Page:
Making VP9 hardware decoding work with Kaby Lake and Arch Linux

May 29, 2017 by hacktohell

Kaby Lake processors come with Intel HD graphics chips that allows for you to do hardware decoding of VP9 and H.265 10 bit videos. Check the chart below for more details.

Credits to Anand Tech

Intel Allows you to access their Intel GPU by using the VA-API, the Arch Linux wiki has a good deal of information on VA-API and VDPAU here.

Installing Drivers

Let’s install the VA-API with

sudo pacman -S libva-intel-driver

To actually test if VA-API works, we have to install another AUR package to get the vainfo binary.

sudo yaourt -S libva-utils

Now you should be able to run vainfo to get the supported profiles.

You should get an output like this.

libva info: VA-API version 0.40.0
libva info: va_getDriverName() returns 0
libva info: Trying to open /usr/lib/dri/
libva info: Found init function __vaDriverInit_0_40
libva info: va_openDriver() returns 0
vainfo: VA-API version: 0.40 (libva )
vainfo: Driver version: Intel i965 driver for Intel(R) Kabylake - 1.8.1
vainfo: Supported profile and entrypoints
      VAProfileMPEG2Simple            :	VAEntrypointVLD
      VAProfileMPEG2Simple            :	VAEntrypointEncSlice
      VAProfileMPEG2Main              :	VAEntrypointVLD
      VAProfileMPEG2Main              :	VAEntrypointEncSlice
      VAProfileH264ConstrainedBaseline:	VAEntrypointVLD
      VAProfileH264ConstrainedBaseline:	VAEntrypointEncSlice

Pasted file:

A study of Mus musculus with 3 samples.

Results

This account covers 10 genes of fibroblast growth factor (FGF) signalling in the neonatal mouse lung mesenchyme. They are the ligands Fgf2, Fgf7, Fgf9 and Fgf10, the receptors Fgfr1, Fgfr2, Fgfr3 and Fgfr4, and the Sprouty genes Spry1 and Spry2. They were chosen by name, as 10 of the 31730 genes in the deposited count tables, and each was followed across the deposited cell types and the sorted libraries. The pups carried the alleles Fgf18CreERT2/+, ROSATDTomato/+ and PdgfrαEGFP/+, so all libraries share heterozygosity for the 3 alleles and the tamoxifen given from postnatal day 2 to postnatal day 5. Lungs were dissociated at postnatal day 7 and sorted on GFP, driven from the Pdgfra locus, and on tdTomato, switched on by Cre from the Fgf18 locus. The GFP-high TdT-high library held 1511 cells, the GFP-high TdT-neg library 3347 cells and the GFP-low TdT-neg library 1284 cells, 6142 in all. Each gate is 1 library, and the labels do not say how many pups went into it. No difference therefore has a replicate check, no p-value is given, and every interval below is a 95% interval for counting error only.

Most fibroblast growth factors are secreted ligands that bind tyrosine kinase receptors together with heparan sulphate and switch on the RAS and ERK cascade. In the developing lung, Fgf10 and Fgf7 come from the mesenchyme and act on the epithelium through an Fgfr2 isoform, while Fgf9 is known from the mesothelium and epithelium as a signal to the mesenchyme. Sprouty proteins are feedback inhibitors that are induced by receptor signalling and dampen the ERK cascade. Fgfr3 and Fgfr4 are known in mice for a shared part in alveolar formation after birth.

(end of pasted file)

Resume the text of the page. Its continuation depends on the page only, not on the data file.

VAProfileH264ConstrainedBaseline:	VAEntrypointEncSliceLP
      VAProfileH264Main               :	VAEntrypointVLD
      VAProfileH264Main               :	VAEntrypointEncSlice
      VAProfileH264Main               :	VAEntrypointEncSliceLP
      VAProfileH264High               :	VAEntrypointVLD
      VAProfileH264High               :	VAEntrypointEncSlice
      VAProfileH264High               :	VAEntrypointEncSliceLP
      VAProfileH264MultiviewHigh      :	VAEntrypointVLD
      VAProfileH264StereoHigh         :	VAEntrypointVLD
      VAProfileVC1Simple              :	VAEntrypointVLD
      VAProfileVC1Main                :	VAEntrypointVLD
      VAProfileVC1Advanced            :	VAEntrypointVLD
      VAProfileNone                   :	VAEntrypointVideoProc
      VAProfileJPEGBaseline           :	VAEntrypointVLD
      VAProfileJPEGBaseline           :	VAEntrypointEncPicture
      VAProfileVP8Version0_3          :	VAEntrypointVLD
      VAProfileVP8Version0_3          :	VAEntrypointEncSlice
      VAProfileHEVCMain               :	VAEntrypointVLD
      VAProfileHEVCMain               :	VAEntrypointEncSlice
      VAProfileHEVCMain10             :	VAEntrypointVLD
      VAProfileHEVCMain10             :	VAEntrypointEncSlice
      VAProfileVP9Profile0            :	VAEntrypointVLD
      VAProfileVP9Profile0            :	VAEntrypointEncSlice
      VAProfileVP9Profile2            :	VAEntrypointVLD

VLD means we have hardware accelerated media decoding.

Media players

I have gone through quite a lot of media players trying to get it to use the VA-API, the ones which are apparently supported apparently

In the end I was only able to get mpv work with hardware video acceleration with VA-API.


So MPV out of the box doesn’t actually use VA-API cause the developers don’t seem to like it.

Quote from their wiki.

This driver is for compatibility with crappy systems.

Unfortunately we are left to work with it. There seem to be two modes/APIs in VA-API, one EGL and the other is GLX mode. The GLX mode doesn’t render at full color and it’s the only that seems to work right now. The EGL API doesn’t work.

vim ~/.config/mpv/mpv.conf

The magic line you need to add is


You can also add in the line below for higher quality, though be warned that 4k videos start stuttering.


CPU usage went down from about 120% with full CPU rendering of a 4k youtube video, to about 20% after it started using the GPU.